Geopolitics

Like EU For LatAm: Why And How To Build A Latin American Union

Most Latin American countries fear civil conflicts more than international invasion. A regional union is the best way to assure stability and lawfulness in a troubled but culturally cohesive continent. The EU shows us what that would look like and how to make it happen.

Like EU For LatAm: Why And How To Build A Latin American Union

Latin America can boast a singular level of linguistic and cultural unity

Héctor Abad Faciolince

-OpEd-

BOGOTÁ — As Europe once more feels the winds of war with the threat of a Russian invasion of the Ukraine, we in Latin America might take this as an opportunity to reconsider ourselves. We should not do this from a nationalistic point of view, as we usually do. Instead, it should come from the perspective of global power blocks. If the European Union could come about after centuries of destructive wars on the continent, then the same can be done in Latin America, given its singular level of linguistic and cultural unity.

All of us, Peruvians, Guatemalans, Argentines or Colombians, have been unable to forge an economic and political union that would have a far bigger vote and voice on the global stage. This has been for a number of reasons: chauvinistic clumsiness, the presence of the natural barriers of forests and mountain ranges, or the mutual envy of greedy elites guarding local markets as they would a private estate.


Our reference should be the European Union and the steps taken toward its creation. First a common market. Second, a single currency with a central bank independent of local political powers. And third, frontiers open to the employment of all citizens. The goal and aspiration should be common political and judicial institutions.

United in language

We in the republic of letters, the writers and scientists of Latin America, realize what and who we are when we leave home. We start out as people from Antioquia, Bogotá or from the coast, until we find ourselves in Bucaramanga, say, and suddenly become Colombians. Likewise, we become Latin Americans when we are in Europe or the United States as Colombians, Mexicans or Uruguayans.

One thing is for sure: the need to travel. Politicians should also get out more. Some of those autumnal patriarchs — Mexican president López Obrador, former Colombian president Uribe Vélez, Jair Bolsonaro in Brazil or former Cuban president Raúl Castro — barely leave the territories they control. They know that outside their borders, they are no longer little monarchs and become like the rest of us — ordinary folk.

Quite a few of our poets and writers have made us understand Latin America's profound unity. Rubén Darío, Mistral, Rulfo, Alejo Carpentier, García Márquez, Vargas Llosa, Villarino, Cortázar, Lispector or Roa Bastos never ceased to be Paraguayan, Cuban or Nicaraguan. But they made us see we're all Latin Americans. In the world of politics and economics, we haven't had the outstanding personalities who perceived or aspired to our intrinsic unity.

"We realize what we are when we leave home."

Alexander Schimmeck

A limit on the power of national presidents

Why are Colombia's outlying regions backward places, neglected and left at the mercy of local bosses, mobsters, guerrillas or paramilitaries? Because we have never feared a foreign invasion. Ecuador, Peru or Brazil don't threaten us. We enjoy considerable international stability in Latin America, but suffer little civil wars across our territory and the streets aren't safe. Even our subversives and criminals are absurd little nationalists.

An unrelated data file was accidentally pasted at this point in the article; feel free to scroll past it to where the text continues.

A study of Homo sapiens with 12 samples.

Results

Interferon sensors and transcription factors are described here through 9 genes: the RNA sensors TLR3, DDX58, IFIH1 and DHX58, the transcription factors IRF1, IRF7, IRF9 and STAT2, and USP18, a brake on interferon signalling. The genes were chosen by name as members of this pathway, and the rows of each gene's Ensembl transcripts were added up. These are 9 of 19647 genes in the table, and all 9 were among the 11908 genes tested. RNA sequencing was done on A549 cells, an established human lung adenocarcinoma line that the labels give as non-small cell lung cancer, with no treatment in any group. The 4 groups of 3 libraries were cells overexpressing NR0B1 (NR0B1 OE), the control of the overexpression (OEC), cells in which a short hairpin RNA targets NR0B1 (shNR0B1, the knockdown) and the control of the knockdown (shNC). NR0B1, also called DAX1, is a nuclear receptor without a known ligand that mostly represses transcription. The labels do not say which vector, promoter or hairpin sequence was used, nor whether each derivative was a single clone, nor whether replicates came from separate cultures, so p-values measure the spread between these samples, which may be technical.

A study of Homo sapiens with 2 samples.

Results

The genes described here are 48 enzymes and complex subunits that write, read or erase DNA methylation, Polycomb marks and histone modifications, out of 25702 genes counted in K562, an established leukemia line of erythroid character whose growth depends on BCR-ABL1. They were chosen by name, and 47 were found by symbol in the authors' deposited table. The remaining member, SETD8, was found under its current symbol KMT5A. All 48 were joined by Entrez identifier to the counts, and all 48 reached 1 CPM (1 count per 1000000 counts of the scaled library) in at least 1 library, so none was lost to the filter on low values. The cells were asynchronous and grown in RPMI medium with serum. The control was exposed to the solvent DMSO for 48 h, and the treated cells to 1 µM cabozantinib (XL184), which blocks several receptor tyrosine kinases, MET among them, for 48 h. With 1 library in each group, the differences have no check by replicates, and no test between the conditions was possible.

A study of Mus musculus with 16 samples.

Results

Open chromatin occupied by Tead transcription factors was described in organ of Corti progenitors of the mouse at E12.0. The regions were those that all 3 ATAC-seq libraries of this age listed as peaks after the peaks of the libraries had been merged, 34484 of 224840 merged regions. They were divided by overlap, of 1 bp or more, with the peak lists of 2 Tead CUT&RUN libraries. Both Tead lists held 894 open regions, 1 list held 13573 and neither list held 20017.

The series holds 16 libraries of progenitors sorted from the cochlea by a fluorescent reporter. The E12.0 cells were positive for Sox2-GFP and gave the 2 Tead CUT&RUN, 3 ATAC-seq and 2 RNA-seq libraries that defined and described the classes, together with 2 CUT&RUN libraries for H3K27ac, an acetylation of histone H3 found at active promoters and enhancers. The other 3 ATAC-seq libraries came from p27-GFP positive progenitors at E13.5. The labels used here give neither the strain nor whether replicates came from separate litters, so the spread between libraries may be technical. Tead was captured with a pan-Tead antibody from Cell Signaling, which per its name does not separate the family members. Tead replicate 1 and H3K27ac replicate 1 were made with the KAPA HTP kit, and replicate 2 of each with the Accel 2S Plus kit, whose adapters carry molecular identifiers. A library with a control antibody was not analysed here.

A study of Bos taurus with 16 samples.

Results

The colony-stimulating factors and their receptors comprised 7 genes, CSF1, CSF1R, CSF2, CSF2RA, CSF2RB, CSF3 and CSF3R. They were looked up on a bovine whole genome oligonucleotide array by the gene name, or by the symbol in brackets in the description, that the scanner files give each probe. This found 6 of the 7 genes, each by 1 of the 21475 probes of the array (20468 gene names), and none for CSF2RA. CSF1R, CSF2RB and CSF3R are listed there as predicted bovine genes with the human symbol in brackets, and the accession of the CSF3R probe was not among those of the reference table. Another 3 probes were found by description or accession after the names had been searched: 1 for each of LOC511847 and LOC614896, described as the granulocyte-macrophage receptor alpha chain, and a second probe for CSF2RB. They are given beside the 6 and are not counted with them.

The Latin Union would prevent local messiahs turning into dictators

There must be an overriding body on the continent to counter the excesses of national presidents, the delirium of demagogues, killings by fanatics and military coups. It would be the Latin Union, with solid democratic norms that prevent local messiahs turning into dictators, as has happened in the recent history of almost every country in the region — and still does.

Every time I find myself exasperated with the pettiness and mental limitations of our national politics, I look beyond our frontiers. A broader perspective calms you down: you realize that from afar, Maduro, Bolsonaro, Ortega and Bukele are tragic and harmful to their countries. But one after another, they will fall and pass into the museum of history, or rather, infamy. With a Latin Union, each would weigh less. There would be tools to curb their actions. We must rise above ourselves to become tolerant and overcome our pettiness.



Italian Shame: Meloni's Migrant Policy Is Probably Illegal And Certainly Immoral

Vladimiro Zagrebelsky, an Italian jurist and former judge on the European Court of Human Rights, says Italy's new government's blocking rescued migrants from coming ashore is a likely violation of international law, and indication of what it thinks of basic human rights.

One of the rescued migrants in Catania, Sicily on the Geo Barents ship

Orietta Scardino/ANSA via ZUMA
Vladimiro Zagrebelsky

-Analysis-

ROME — Italy's first major showdown over immigration since the election of new right-wing Prime Minister Giorgia Meloni has passed. But this is just the beginning.

Late Tuesday, Italian health officials allowed more than 250 people on NGO rescue boats to disembark on the island of Sicily, and another vessel carrying 234 people was headed to the French island of Corsica. This followed a weeklong standoff in which the Italian government would only care for those it considered “vulnerable” passengers.

Still, Meloni criticized the decision of health officials, which means we can expect the blocking of rescued migrants from disembarking appears bound to happen again.

The latest news came after the Italian government denied port access to three NGO ships that had rescued about 1,000 migrants in the Mediterranean Sea in late October.